A new Queen’s Platinum Jubilee Award for Volunteering has been introduced to shine a spotlight on charities working to empower young people.
The one-off addition to the annual Queen’s Award for Voluntary Service (QAVS) has been created in honour of the monarch’s 70 years on the throne.
Twenty winners will be selected from charities helping 16 to 25-year-olds in England, Scotland, Wales or Northern Ireland or across the whole of the UK.
Culture Secretary Nadine Dorries said: “Since The Queen’s Award for Voluntary Service was set up 20 years ago to commemorate the Golden Jubilee, thousands of hard-working local volunteer groups across the UK have been recognised for benefitting their communities.
“We’re delighted to be extending our recognition this year to some outstanding national charities through this special Queen’s Platinum Jubilee Award for Volunteering.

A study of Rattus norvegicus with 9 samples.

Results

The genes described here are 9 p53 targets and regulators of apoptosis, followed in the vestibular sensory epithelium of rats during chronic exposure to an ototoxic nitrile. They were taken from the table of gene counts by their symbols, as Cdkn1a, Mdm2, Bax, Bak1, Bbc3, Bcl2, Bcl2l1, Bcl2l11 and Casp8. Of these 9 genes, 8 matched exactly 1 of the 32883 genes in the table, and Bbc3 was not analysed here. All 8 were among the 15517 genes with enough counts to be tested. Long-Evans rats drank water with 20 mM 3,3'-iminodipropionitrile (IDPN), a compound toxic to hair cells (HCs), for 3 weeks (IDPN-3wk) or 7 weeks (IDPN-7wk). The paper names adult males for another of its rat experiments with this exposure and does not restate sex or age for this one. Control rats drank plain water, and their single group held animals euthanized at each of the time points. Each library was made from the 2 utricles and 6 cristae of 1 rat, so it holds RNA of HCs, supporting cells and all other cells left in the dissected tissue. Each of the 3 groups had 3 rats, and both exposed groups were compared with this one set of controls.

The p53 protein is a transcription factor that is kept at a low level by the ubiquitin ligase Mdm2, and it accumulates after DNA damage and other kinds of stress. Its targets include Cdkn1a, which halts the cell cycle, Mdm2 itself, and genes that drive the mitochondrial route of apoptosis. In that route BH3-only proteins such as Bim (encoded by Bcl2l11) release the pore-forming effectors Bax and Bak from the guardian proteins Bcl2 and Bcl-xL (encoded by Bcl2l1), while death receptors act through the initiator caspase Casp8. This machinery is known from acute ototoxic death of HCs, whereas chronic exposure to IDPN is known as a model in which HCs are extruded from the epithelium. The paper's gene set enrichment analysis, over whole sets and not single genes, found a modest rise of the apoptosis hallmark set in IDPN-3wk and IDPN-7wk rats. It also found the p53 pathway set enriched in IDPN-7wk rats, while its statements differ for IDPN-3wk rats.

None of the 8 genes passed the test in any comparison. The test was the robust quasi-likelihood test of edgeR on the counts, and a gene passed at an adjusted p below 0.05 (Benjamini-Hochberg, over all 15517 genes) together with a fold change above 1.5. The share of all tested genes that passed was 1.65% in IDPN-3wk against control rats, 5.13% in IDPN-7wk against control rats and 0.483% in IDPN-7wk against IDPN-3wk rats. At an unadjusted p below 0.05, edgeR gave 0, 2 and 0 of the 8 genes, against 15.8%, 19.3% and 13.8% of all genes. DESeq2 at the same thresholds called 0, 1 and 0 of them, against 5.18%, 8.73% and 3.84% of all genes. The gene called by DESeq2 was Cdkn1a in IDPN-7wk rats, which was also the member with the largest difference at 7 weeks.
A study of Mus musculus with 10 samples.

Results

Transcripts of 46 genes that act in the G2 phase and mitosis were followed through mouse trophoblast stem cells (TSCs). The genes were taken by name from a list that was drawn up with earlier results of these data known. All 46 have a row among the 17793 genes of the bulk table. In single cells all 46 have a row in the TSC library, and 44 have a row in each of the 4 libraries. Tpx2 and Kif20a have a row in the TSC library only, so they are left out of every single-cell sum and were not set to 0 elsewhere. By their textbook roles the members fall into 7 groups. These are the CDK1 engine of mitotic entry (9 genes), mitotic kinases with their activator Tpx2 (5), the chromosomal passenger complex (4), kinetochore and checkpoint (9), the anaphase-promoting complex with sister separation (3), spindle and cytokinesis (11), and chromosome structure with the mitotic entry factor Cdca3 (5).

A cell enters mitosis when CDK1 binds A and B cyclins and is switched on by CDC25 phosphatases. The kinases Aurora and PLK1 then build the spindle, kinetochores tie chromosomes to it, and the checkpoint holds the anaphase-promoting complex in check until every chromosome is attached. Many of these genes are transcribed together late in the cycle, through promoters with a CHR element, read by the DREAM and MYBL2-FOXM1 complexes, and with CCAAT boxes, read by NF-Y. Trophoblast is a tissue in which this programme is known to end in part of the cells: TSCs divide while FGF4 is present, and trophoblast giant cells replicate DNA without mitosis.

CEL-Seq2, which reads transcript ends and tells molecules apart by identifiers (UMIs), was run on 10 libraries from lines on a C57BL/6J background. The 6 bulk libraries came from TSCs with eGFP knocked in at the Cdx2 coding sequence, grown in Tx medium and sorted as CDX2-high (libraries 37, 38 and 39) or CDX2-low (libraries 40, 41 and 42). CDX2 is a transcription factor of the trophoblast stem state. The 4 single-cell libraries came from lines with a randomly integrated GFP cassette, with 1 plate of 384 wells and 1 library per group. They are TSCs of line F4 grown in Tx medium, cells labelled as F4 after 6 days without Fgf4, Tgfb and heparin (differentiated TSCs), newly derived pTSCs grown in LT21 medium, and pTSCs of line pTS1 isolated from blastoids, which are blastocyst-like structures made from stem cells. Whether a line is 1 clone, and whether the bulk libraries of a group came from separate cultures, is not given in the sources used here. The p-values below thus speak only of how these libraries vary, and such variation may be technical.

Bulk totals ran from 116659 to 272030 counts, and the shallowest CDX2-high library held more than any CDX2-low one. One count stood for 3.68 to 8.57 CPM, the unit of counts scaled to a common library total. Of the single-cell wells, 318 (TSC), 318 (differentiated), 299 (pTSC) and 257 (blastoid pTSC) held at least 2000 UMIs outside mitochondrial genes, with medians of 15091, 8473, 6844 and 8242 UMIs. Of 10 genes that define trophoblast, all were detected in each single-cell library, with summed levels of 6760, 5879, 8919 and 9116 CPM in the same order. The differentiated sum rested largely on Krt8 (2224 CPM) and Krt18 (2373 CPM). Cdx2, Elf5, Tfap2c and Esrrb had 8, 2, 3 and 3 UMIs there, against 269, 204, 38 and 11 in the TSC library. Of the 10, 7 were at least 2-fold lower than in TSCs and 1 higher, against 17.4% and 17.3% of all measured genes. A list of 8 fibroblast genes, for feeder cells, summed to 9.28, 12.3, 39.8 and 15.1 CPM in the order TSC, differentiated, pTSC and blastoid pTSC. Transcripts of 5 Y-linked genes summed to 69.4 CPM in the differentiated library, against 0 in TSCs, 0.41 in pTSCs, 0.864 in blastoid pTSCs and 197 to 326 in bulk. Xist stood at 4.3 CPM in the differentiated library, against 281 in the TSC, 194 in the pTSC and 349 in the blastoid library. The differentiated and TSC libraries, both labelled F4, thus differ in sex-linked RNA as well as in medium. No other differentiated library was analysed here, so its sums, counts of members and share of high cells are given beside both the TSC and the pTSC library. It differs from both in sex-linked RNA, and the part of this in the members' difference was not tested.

“We want to celebrate the important work done by national charities to empower young people with the skills they need to develop and grow.
“This is a fitting way to recognise the 70 years of selfless service Her Majesty has given to this country.”
Sir Martyn Lewis, the QAVS chairman, said: “It’s a theme that’s important to all of us and is close to Her Majesty’s heart.”
The jubilee award is open for applications until June 17.
A judging panel has been set up with civil society sector experts and youth representatives including Baroness Tanni Grey-Thompson and chief executive of UK Youth Ndidi Okezie, and the winners will be announced in October.
The QAVS is the highest award given to small volunteer groups across the UK.